Only 5 percent of those who are offshoring today say public disapproval will cause them to cut back.

Unless and until companies can explain and show that there is some positive impact, the Democrats have a real issue to put fear into worker’s minds. They used a similar tactic which worked on Bush I when they threatened Medicare cuts if he was re-elected.

It will continue, but outsourcers will have to be more sensitive to the real costs of dislocation. Most successful outsourcers will do new functions there, not displacing current personnel.

The backlash is reflective of the current economic insecurity in the U.S. compounded by homeland insecurity.

Outsourcing has a legitimate place in American business, but the backlash will continue as long as we are seeing a net loss in U.S. jobs. Some of the savings received by the company must be passed on to employees who are losing their jobs as a result of outsourcing, possibly in job training, or enhanced severance packages.

I feel that if they put Americans out of work that I must support through taxes, then they should pay a hefty surcharge to offset my increase in taxes.

Political diatribe. Practice is not new. Political feel-good legislation is not the answer to this non-issue.

Companies engaged in offshoring have wrapped themselves in the cloak of the global economy to achieve short-term profitability at the expense of the trust and loyalty of their workforce.

If it leads to an increase in my taxes due to worker displacement, etc., then I believe the companies should pay a hefty surcharge for using offshore employees.

This backlash is narrow-minded, self-serving, isolationist focused, while we should be working in a global environment.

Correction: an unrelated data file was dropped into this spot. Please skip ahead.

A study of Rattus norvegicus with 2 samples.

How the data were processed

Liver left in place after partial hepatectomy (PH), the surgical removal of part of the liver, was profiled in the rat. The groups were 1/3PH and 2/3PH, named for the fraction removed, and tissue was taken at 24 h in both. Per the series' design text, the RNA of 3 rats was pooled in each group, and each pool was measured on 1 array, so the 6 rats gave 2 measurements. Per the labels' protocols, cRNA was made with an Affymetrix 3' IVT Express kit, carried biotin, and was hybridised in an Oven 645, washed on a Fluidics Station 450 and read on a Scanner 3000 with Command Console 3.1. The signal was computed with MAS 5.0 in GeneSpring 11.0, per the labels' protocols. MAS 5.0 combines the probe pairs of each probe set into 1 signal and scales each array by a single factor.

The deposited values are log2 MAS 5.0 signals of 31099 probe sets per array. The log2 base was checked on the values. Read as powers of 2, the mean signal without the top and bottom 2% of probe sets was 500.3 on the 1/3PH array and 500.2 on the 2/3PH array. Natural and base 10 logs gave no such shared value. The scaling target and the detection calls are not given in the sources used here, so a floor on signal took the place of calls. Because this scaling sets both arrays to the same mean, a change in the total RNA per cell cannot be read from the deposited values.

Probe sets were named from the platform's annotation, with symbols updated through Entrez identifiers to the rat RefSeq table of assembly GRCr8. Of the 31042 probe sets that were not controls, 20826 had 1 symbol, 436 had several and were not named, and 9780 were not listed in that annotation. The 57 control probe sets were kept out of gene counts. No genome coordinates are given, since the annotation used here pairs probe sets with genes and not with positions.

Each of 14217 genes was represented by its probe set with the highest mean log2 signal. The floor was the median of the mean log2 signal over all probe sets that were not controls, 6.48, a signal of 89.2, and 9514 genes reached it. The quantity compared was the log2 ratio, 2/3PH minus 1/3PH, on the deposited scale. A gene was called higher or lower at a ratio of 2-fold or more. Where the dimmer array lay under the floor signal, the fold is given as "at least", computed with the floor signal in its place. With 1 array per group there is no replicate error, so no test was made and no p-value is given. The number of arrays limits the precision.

Caution should be used to determine compliance with laws and adherence to professional standards. In this information age, the confidentiality and integrity of information should be maintained at all times.

Politics driven. No basis in fact. A function of globalization.

Some of it is unavoidable, but we need to stop and think if demanding lower prices is really in our long-term best interests.

Did consider and evaluate but decided against the move. This is no different to when a lot manufacturing moved offshore several decades ago — it’s inevitable when the comparative advantage “stacks up.”

Until U.S. workers stop pricing themselves out of the market, it is not surprising that a company utilizes outsourcing to remain competitive.

I am against offshore outsourcing, as there are plenty of Americans who can be trained to do the same job and who need jobs. The problem with Americans is we all think we are owed a certain entitlement, we must earn lots of money! Perhaps what we should be doing is reeducate the Americans that if we all want high salaries, there is a price that comes with that, and that is sending our jobs to countries that are willing to earn less.

I support the backlash and would prefer to think we are smart enough with “Washington’s” help to “help our own” with jobs in this country for the economic strength of the U.S. population.